The New York Times ran an advertisement on Wednesday paid for by Venezuela’s socialist regime on behalf of the Venezuelan people, claiming President Donald Trump seeks to “manufacture a political crisis” in the country.
The ad — titled an “Open Letter from the People of Venezuela to the People and Government of the USA” — is primarily a response to Trump’s recent threat of military intervention as well as sanctions imposed on leader Nicolas Maduro and the government as a whole.
The letter claims that the United States might “be on the verge of an unfair and baseless military intervention,” while Trump’s sanctions will affect their “economy and means to obtain resources for food, healthcare, and production.”
According to Venezuelan outlet Runrunes, the government paid $200,000 for the ad. The regime is also known to sustain itself through drug trafficking and money laundering.
— Ernesto Villegas P. (@VillegasPoljak) September 6, 2017
A recent report by the United Nations found that the regime had committed “extensive” and widespread repression of rights across Venezuela amid a political, economic, and humanitarian crisis that has left millions starving and thousands dead.
“OHCHR’s findings detailed in this report point to an increasingly critical human rights situation since the protests began, with mounting levels of repression of political dissent by national security forces, and increasing stigmatization and persecution of people perceived as opposing the Government of President Maduro,” the report stated.
Mass protests against the regime have been ongoing since April this year, leading to the deaths of at least 124 individuals, as security services use weapons such as tear gas, water cannons, and rubber bullets against protesters. Meanwhile, the report also found extensive use of torture against political prisoners.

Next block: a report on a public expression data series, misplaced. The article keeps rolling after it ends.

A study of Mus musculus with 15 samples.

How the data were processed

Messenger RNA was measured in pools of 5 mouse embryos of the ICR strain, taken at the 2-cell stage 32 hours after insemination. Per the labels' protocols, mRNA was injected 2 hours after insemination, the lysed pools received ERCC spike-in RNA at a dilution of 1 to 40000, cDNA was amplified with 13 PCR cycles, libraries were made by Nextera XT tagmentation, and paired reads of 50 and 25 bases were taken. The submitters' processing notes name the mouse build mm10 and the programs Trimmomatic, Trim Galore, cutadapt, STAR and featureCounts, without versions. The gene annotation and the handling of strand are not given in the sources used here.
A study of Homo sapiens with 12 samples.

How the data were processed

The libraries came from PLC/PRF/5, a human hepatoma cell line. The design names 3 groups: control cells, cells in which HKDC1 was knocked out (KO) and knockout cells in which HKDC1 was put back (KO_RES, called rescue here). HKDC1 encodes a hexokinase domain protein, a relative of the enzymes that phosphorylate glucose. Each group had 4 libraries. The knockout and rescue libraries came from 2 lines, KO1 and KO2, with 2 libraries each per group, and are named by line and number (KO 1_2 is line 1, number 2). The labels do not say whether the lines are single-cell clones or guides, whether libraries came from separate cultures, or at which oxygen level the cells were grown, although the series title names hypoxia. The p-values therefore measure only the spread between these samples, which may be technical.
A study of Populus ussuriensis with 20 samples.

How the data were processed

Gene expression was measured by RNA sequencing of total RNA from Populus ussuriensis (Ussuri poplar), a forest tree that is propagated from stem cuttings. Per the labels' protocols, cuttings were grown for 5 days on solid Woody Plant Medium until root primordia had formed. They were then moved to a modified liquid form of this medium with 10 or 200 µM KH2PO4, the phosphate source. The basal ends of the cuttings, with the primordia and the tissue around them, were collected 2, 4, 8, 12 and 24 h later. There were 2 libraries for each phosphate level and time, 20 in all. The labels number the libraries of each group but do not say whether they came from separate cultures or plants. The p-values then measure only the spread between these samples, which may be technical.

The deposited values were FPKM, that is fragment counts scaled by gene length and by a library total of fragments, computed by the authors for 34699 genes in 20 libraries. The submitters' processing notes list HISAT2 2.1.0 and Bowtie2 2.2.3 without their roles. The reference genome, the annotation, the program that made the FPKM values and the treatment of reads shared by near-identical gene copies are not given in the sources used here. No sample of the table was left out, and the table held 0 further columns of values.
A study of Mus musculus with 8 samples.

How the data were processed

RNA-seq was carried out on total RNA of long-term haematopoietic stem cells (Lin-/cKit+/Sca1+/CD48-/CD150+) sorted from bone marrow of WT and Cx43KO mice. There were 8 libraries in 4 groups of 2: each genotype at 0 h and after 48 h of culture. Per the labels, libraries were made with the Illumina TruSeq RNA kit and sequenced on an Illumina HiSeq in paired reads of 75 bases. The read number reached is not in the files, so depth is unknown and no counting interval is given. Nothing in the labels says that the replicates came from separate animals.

This week, Maduro also declined an invitation to speak at the United Nations Human Rights Council in Geneva, a forum where he has previously decried the “ongoing harassment of the imperialist powers of the United States.”
Most recently, the Maduro regime has pushed forth with the creation of an illegal lawmaking body, known as the “national constituents assembly,” filled exclusively with pro-government stooges, effectively rendering the country a dictatorship.
Amid skyrocketing inflation, and despite three minimum wage hikes over the course of 2017, Venezuela’s monthly minimum wage is now the equivalent of under $6 a month, meaning people can go longer afford everything from food and medicine to basic sanitary products.
It is not the first time that The New York Times has published ads from the Venezuelan regime. In February, the paper published a full-page open letter by Venezuela’s vice president, Tareck El Aissami, condemning the U.S. Department of the Treasury for sanctioning him as an official “Specially Designated Narcotics Trafficker” for his ties to drug organizations.
Meanwhile, in 2015, the Venezuelan government published another full-page ad arguing that the mass, arbitrary deportation of Colombians from its border territories was necessary for national security interests.
— Eva Golinger (@evagolinger) September 9, 2015
In a statement provided to Breitbart News, The New York Times spokeswoman confirmed that the advertisement fell in line with their advertising policy:
We believe that the broad principles of freedom of the press confer on us an obligation to keep our advertising columns open to all points of view. Therefore, The New York Times accepts advertisements in which groups or individuals comment on public or controversial issues. We make no judgments on an advertiser’s arguments, factual assertions or conclusions. We accept advocacy/opinion advertisements regardless of our editorial position on any given subject.
However, they did not address the allegations of human rights abuses or the source of the money used to pay for the advertisement.